RBI Policy holds rates and monetary stance but flags inflation risk

RBI has maintained its view of “Accommodation as long as necessary” but yields have risen above 6.2%. True its word, the RBI maintained status quo on rates and stance in the April 2021 policy too.

Apr 07, 2021 12:04 IST India Infoline News Service

Over the last couple of months, there is an anomalous monetary situation; predominantly in the US and to a lesser extent in India. Fed promised to hold rates close to zero till the end of 2022, but benchmark bond yields in the US shot up from 0.58% to 1.74%. In India, the RBI has maintained its view of “Accommodation as long as necessary” but yields have risen above 6.2%. True its word, the RBI maintained status quo on rates and stance in the April 2021 policy too.

Key highlights of the Monetary Policy – April 2021

Here are key takeaways from the monetary policy announcement by the MPC.
  • The repo rate was held at 4% and the reverse repo rate at 3.35% with a commitment to keep rates low as long as required.
  • As a result, the bank rate and MSF rate which are pegged at 25 bps above the repo rate, stayed put at 4.25%.
  • MPC maintained accommodative monetary stance to offset the COVID-II impact and has committed to maintain this stance in the near future.
  • Despite the bounce in Feb-21 CPI inflation by 97 bps, MPC revised its outlook for FY21 headline inflation lower from 5.2% to 5.0%.
  • MPC maintained its GDP growth estimates at 10.5% for FY22 due to COVID-II risks; despite projections of better growth from World Bank and IMF.
  • All the 6 MPC members unanimously voted to hold repo rates at 4% and keep the monetary stance accommodative, subject to inflation remaining under 6%.

COVID-II raises questions over growth impulses

The fourth quarter has been a testing time for most global economies due to the resurgence of COVID. Despite the massive monetary and fiscal stimulus globally, the resurgence of COVID has curtailed some of the multiplier benefits of the stimulus. Also, fresh lockdowns are expected across most advanced economies and that is likely to put pressure on global growth. IMF continues to be positive that global growth would not be impacted by COVID-II, but we really have to wait and see.

The NSO has pegged FY21 GDP contraction for India at -8.0%, factoring a 50 bps impact of the COVID resurgence. However, high frequency indicators like vehicle sales, railway freight, GST collections, e-way bills and steel consumption have been positive. For FY22, GDP growth is estimated at 10.5% with GDP estimated to grow 26.2% (Q1), 8.3% (Q2), 5.4% (Q3) and 6.2% (Q4).

Data Source: RBI Monetary Policy Statement

MPC has flagged possible inflation risks

In the case of growth, COVID-II remains the key risk. But, factors affecting inflation could be lot more complex. While demand pull may be moderate, MPC expects supply side pressures to persist. According to RBI, one way to control supply-side inflation would be to cut levies on key inputs like petrol and diesel. That is doubtful in the midst of budgetary pressures. However, inflation outlook has been tempered from 5.2% to 5.0% for March-21 quarter, 5.2% for Jun-21 and Sep-21 quarters and 4.4% and 5.1% for the last 2 quarters of FY22.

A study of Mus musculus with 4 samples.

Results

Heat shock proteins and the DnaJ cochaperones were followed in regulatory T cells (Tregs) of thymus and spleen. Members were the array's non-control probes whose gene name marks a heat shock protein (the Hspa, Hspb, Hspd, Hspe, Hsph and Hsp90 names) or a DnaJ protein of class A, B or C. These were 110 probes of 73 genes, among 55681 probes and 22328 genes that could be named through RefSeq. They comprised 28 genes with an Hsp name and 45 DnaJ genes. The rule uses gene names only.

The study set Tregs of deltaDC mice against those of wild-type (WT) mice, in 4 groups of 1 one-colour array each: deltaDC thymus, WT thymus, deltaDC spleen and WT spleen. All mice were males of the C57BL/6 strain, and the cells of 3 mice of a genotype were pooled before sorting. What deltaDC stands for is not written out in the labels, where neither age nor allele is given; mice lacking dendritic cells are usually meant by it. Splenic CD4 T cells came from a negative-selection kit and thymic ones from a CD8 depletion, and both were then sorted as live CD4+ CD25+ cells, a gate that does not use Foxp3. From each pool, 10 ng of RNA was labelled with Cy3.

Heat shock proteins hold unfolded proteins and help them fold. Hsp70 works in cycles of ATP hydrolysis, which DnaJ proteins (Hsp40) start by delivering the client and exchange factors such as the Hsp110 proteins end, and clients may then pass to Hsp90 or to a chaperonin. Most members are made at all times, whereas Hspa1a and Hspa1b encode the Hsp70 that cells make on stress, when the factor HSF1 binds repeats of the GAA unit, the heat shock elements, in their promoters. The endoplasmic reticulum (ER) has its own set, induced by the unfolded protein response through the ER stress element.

MPC also noted that the sharp spike in commodity prices around the world resulted in a spike in industrial input inflation, which is evident from rising WPI. Hence, despite COVID-II lockdowns denting demand, the supply-side pressures could keep inflation high.

MPC traversed beyond the monetary policy path

Like in the past, RBI announced key policy changes pertaining to regulation, supervision, debt management and payment systems. Here is a quick take.

a) The TLTRO on-tap liquidity scheme which was supposed to expire on March 31, 2021 has been extended till September 30 to help RBI better tweak yields.

b) Maximum end-of-day balance limit for individuals holding payment bank accounts enhanced from Rs1 lakh to Rs2 lakh.

c) RBI to appoint committee to conduct comprehensive review of asset construction companies (ARCs) to make them more effective in debt resolution.

d) The priority sector on-lending scheme that banks implemented through NBFCs was to expire on 31 March and that has been extended till 30 September 2021.

e) The overall limit for ways-and-means advances for all states has been enhanced from the current Rs.32,225 crore to Rs.47,010 crore to tide over liquidity shortfalls.

f) RBI will design, construct and publish a Financial Inclusion Index on a periodic basis to reflect the broadening and deepening of financial inclusion in India.

g) Membership of Central Payment Systems (NEFT/RTGS) to be extended to PPI issuers, card networks, white label ATM operators in a phased manner for better reach.

h) To complement the digital infrastructure in Tier-3 and Tier-4 cities, RBI has allowed cash withdrawal at non-bank full-KYC PPIs too.

i) As a one-time measure, the tenure of holding ECB funds in term deposits with AD banks has been increased from 1 year to 2 years, valid till March 2022.

The message appears to be that inflation could still be a risk to the dovish policy of the RBI. We have to await detailed minutes on 22-Apr, which could set the tone for the next monetary policy scheduled to be announced on 04-June.